Being hacked is just a major challenge for IT. Right? Wrong.
We highlight some revealing statistics around cyber attacks and identify common cyber risks shared by companies.
A is for assurance
Can you rest in the knowledge that your organisation is safe from cyber attacks? The continuous development of new methods to connect and share information increases the chance of a cyber security threat, and cyber incidents are unpredictable and unforgiving. So protecting your intellectual property, your customer’s data and other business critical information is pivotal to your growth, innovation and reputation. Robust assurance includes assessing how effective your current systems are, identifying key cyber risks, reviewing third party risk management arrangements, complying with industry, regulatory and legal standards, and creating ongoing programmes to preserve and enhance your privacy and cyber security systems.
B is for 'BYOD'
Bring your own device (BYOD) is a growing trend in which employees use their own smartphones, tablets and laptops to access business servers and data. “Employees want to use the devices they are comfortable with,” says Mark Coates, EMEA AP at Dtex Systems. “By giving them what they want, companies will ultimately benefit.” The flexibility, IT cost savings and convenience of this strategy do, however, have to be weighed against the cyber security risk of connecting unsecured devices to a company’s system.
C is for cyber attacks
The Cyber Security Breaches Survey 2018 found that 42% of small businesses1 (one to 49 staff) and 65% of large businesses2 (50 or more staff) in the UK identified a cyber breach or attack in the last 12 months. Cybersecurity Ventures3 estimates the annual global cost of cyber attacks will hit $6 trillion by 2021, with companies set to spend in excess of $1 trillion on cyber security. According to the National Audit Office4, 80% of all cyber attacks could potentially be avoided by exercising good cyber hygiene.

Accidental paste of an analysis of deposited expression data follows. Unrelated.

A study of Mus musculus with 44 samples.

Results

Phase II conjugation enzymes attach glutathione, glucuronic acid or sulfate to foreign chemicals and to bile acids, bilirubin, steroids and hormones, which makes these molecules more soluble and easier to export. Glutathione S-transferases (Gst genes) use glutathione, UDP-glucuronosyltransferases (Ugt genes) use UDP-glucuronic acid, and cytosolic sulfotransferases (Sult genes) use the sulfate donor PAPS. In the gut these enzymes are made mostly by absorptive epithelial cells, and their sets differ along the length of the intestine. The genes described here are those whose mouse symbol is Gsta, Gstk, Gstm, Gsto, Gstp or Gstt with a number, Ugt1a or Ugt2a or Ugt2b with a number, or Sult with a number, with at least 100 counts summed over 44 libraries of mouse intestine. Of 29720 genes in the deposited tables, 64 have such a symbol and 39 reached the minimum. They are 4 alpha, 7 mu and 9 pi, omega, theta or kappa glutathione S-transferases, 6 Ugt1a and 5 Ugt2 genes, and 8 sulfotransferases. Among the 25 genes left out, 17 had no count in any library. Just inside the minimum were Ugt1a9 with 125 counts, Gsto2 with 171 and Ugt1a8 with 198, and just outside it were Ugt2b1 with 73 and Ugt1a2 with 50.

Part of the internet not visible to ordinary search engines, the dark web requires the use of an anonymising browser to be accessed. Despite many legitimate uses, it is overwhelmingly used for criminal activity. You can buy credit card numbers, counterfeit money, stolen subscription credentials and hacking kits. Our covert imminent breach system (CIBS) scans the dark web for stolen credentials, such as usernames and passwords. We identify information relating to client data in more than 80% of searches.
E is for employees
“People remain companies’ biggest weakness,” says UK managing director at cyber security specialist Coalfire, Andy Barratt. “Whether through human error or creating opportunities for social engineering hacks, the chances are that your staff will be your cyber security Achilles’ heel.” Morrisons recently lost an appeal in the UK that found it liable for a former employee leaking the personal data of over 100,000 other employees, emphasising the need to educate, monitor and react promptly if anyone acts against the business’s interests.
F is for fake boss fraud
A 2018 report by Get Safe Online and Lloyds Bank5 showed that 454,960 businesses in the UK had been hit by ‘fake boss’ scams, with SMEs losing an average of £27,000 when targeted. Using personal data to impersonate managers or business contacts, fraudsters contact staff asking them to transfer money. “The email will be carefully crafted. It may contain reference to some personal information – often gained from social media – to make it look genuine,” says technical manager at the ICAEW’s IT Faculty, Mark Taylor. Some 53% of report respondents said they had experienced scammers posing as their CEO, with 8% having fallen victim to impersonation fraud. Data from Lloyds Bank reveals a 58% rise in reported impersonation frauds in 2018.
G is for Grant Thornton’s cyber security services
We have identified that business rather than technology issues are exposing companies to risk. Our digital security service helps businesses to:
Identify risks with a cyber health check
Protect against risk with a covert imminent breach system (CIBS) subscription
Detect risks with cyber security design
Respond with incident response and remediation
Recover from cyber attacks with cyber awareness and training
“It’s not an IT problem, it’s a risk issue,” says partner and head of cyber consulting, James Arthur. “It’s a risk you should manage alongside all your other risks. No business wants to hear that they need to spend £50 million over the next four years on this, so we ask what we can do that will make the most impact to the real threat within their cost envelope. We frame the conversations in a way that non-techies can understand and try to make it practical and pragmatic.”
To discuss how you can protect your business from cyber attack, contact James Arthur, partner and head of cyber consulting.